It's joke of course, ticking off things to see in a day in Mumbai (which many still call Bombay). Here's a city of around 80 million souls where it can take three hours in stop-start traffic to get across "town". Just a day?
But with an English-speaking driver - as cheap as $20, you tip extra, hotels will find one - you can tick off a number of must-see places, and more.
The Gandhi Museum: The house where Gandhi often stayed and the photographs, letters, dioramas and personal mementos (very few, of course) are moving.
The Krsna Temple (Iskon Centre): Alarmingly lifelike models of the faith's founder A.C. Bhaktivedanta, colourful images and statues of deities, holy men and women line corridors and rooms. Fascinating.
The dabbawallas: Just before noon be opposite Churchgate Station where dozens of dabbawallas -men who deliver tiffin lunchboxes to office workers - gather to sort, collect and deliver them by bike or cart.
Dhobi Ghat: This open-air laundry - 5000 laundry families live and work in the immediate district - is an eye-opener, not just for the manpower but how the clothes don't get mixed up. As with tiffin boxes, there's a system handed down.
The Taj Mahal Palace: Nearly five years ago, this hotel was in flames when terrorists attacked it, today it is back as an elegant statement of old world and new. Have a beer in the Harbour Bar which looks on to the Gateway of India opposite.
Chhatrapati Shivaji Maharaja Museum: Formerly the Prince of Wales Museum, this is a one-stop shop on culture, featuring artefacts which date back to 2000BC.
Chhatrapati Shivaji Terminus: The busiest railway station in the country. Victorian Indo-Gothic architecture doesn't get much better or elaborate than this. And behind you, the architect Frederick Stevens did those buildings too. Scenes in Slumdog Millionaire were filmed here.
Crawford Market: Inside yet another colonial pile (north of the Terminus) this must-visit for photographers has everything from fruit to pets. And people.
Dr Bhau Daji Lad Museum: This magnificently restored, 140-year-old building with Victorian-era display cases, fittings and decor is how stately, hushed and reverential museums used to be. Sublime. And so to the ridiculous . . .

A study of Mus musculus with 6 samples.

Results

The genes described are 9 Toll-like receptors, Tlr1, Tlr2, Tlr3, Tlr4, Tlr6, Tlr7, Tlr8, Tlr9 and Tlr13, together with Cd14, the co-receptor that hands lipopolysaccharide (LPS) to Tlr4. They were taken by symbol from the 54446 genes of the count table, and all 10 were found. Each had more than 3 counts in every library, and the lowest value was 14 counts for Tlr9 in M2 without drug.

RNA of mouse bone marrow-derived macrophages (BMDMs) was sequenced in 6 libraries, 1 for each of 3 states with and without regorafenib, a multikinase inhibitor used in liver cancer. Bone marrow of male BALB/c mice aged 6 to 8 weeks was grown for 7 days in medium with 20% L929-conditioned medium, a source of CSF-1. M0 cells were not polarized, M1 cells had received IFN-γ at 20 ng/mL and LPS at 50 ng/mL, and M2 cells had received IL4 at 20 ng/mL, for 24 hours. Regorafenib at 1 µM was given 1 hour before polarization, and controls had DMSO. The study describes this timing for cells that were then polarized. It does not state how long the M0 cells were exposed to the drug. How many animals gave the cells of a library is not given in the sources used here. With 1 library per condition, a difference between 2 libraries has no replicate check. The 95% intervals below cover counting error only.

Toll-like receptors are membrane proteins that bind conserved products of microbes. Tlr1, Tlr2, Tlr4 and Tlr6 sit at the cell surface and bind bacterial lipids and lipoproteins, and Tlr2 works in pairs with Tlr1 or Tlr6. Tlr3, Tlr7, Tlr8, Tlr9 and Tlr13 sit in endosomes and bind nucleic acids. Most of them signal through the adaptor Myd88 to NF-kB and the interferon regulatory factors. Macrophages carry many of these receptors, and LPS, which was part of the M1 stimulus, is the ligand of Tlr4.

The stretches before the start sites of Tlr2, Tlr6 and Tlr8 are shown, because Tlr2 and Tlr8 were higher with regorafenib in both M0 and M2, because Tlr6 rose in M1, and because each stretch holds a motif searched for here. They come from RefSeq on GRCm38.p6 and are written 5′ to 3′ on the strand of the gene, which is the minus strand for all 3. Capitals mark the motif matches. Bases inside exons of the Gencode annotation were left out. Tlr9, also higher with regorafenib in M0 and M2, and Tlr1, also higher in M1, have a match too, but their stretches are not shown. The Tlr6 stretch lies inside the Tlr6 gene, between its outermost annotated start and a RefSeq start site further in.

Antilia: South of the impressive Rajiv Gandhi Sea Link (bridge), is Mumbai's most expensive house. It's ostentatiously ugly and is the 27-storey hillside home of India's richest man, Mukesh Ambani and family. It cost around $90 million and Ambani built it for his wife Nita. He also gave her a Boeing for her birthday.
An easy walk
If you have a couple of hours, start outside the Taj Mahal Palace, walk left to Cafe Mondegar on the corner of the Coloba Causeway (aka SB Singh Rd). Turn right and go past the Art Deco-style Regal Cinema, cross the roundabout (carefully!) and walk along MG Rd opposite (Chhatrapati Shivaji Maharaja Museum on your right). Walk to the Fort District (turn right on to DN Rd) which is the old CBD with fading but grand Anglo-Indian buildings and interesting little restaurants. Try the Parsi place, Ideal Corner, on Gunbow St. Street food here is cheap, safe and fresh. Doubtless someone will be making the sticky sweet jalebi in a pan of hot oil. Buy some.
Head to Horniman Circle (a park surrounded by colonial buildings), then along Shahid Bhagat Singh Rd (the Town Hall on your left) towards the Regal Cinema again. Go down quiet, tree-lined Nathalal Parekh Rd (look in the Holy Name Cathedral), turn left down BEST Marg and you'll hit the Coloba Causeway again. Turn left. On the right-hand side are cheap open-air stalls selling trinkets, clothes etc (and the famous but often packed Cafe Leopold), on the left-hand side are designer stores. If you don't shop it's a five minute walk back to the excellent Cafe Mondegar where you've earned that beer and a chance to look at the scores of photos you've taken.
• Graham Reid flew to India with assistance from Singapore Airlines but paid his own way around Mumbai. He stayed at the YMCA on Nathalal Parekh Rd and recommends it. The YWCA is nearby.